For every mother who dies a pregnancy-related death in the U.S., 70 experience a life threatening event. These are unexpected cases of what doctors call severe maternal morbidity (SMM) events such as cardiac arrest, hemorrhage or sepsis, events that could have been fatal or can affect a woman long after childbirth. The overall rate of these events has increased by over 200% in the past two decades. And the statistics are worse for Black, Indigenous and other women of color. Researchers at the University of Illinois Chicago found that Black women face a 70% higher risk of SMM than any other racial group. Doulas might provide the prenatal support women at risk need to have a healthy pregnancy and childbirth.
The role of doulas in reducing SMM
Doulas provide emotional, physical, and informational support to women before, during and after childbirth. They’re trained but non-clinical partners to women, often supplementing care from doctors and midwives. There’s evidence to suggest that working with a doula can reduce serious complications among BIPOC women. Research finds that doula care can help reduce C-sections, decrease maternal anxiety and depression and help coordinate care and communication between women of color and their other healthcare providers. According to March of Dimes, “The role of doula care in reducing C-sections is important, because C-sections contribute to the risk of maternal morbidity and mortality in initial and subsequent pregnancies.”
The role of doula care in reducing C-sections is important, because C-sections contribute to the risk of maternal morbidity and mortality in initial and subsequent pregnancies.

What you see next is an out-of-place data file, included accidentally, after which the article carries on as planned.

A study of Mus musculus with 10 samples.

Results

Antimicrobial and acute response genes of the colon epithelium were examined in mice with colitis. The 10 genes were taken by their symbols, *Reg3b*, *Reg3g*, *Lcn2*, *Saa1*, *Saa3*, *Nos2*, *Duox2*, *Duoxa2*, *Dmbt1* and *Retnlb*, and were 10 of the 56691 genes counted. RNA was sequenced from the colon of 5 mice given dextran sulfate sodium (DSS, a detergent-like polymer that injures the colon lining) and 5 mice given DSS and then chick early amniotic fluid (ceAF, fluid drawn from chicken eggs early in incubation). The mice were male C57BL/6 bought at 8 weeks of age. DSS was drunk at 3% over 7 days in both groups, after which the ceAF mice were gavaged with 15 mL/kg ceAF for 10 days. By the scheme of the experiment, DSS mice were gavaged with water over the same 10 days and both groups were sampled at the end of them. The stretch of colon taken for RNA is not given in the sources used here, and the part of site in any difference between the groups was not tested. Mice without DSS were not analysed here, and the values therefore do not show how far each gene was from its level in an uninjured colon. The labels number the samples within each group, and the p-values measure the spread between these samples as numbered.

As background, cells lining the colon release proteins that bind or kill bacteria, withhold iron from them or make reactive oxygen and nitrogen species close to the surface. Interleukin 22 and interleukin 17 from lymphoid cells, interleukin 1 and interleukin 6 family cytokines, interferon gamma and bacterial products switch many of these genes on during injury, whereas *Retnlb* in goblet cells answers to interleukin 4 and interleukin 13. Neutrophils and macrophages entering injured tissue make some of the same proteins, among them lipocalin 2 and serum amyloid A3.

Blue Cross and Blue Shield companies are increasing support for doulas
Many BCBS companies are including doula coverage in their members’ plans, making philanthropic contributions to doula organizations that focus on underserved communities and funding training programs to increase the number of doulas of color.
The Blue Cross Blue Shield of Michigan Foundation funded a program at Western Michigan University Homer Stryker Medical School to create and train a network of eight community doulas to assist women at risk of poor birth outcomes. Blue Cross and Blue Shield of Minnesota is providing scholarships to increase the number of doulas in areas with the least access.
CareFirst BlueCross BlueShield, through their grant making efforts, covers doula services for Medicaid patients, including for those who visit the innovative Mamatoto Village, an organization focused on empowering Black mothers with services and education. Blue Cross and Blue Shield of Minnesota is exploring ways to let members know that doula care is covered. Analyzing claims data, the health plan found that moms who used doulas had healthier outcomes.
Supporting doula organizations
Blue Cross and Blue Shield of Illinois, a division of Health Care Service Corporation (HCSC), has provided funding to Chicago Volunteer Doulas, who care for pregnant and new mothers in vulnerable communities. Excellus BlueCross BlueShield supports Syracuse Community Connections, an organization that provides culturally competent doula care with a focus on Black women and women of color.
Doulas and culturally competent care
Doulas may also be able to play another role in eliminating racial disparities in maternal health. A Tufts University School of Medicine researcher notes that doulas may be more trusted members of the community and able to spend time listening to a mother's needs and concerns. Within the traditional healthcare system, Black women face unconscious bias, which can cause doctors to dismiss a Black mother's concerns or create a lack of trust between patient and doctor.
Blue Cross Blue Shield of Michigan, Blue Cross Blue Shield of Michigan Foundation, Blue Cross and Blue Shield of Minnesota, CareFirst BlueCross BlueShield, Health Care Service Corporation and Excellus BlueCross BlueShield are licensees of the Blue Cross Blue Shield Association, an association of independent, locally owned Blue Cross and Blue Shield companies.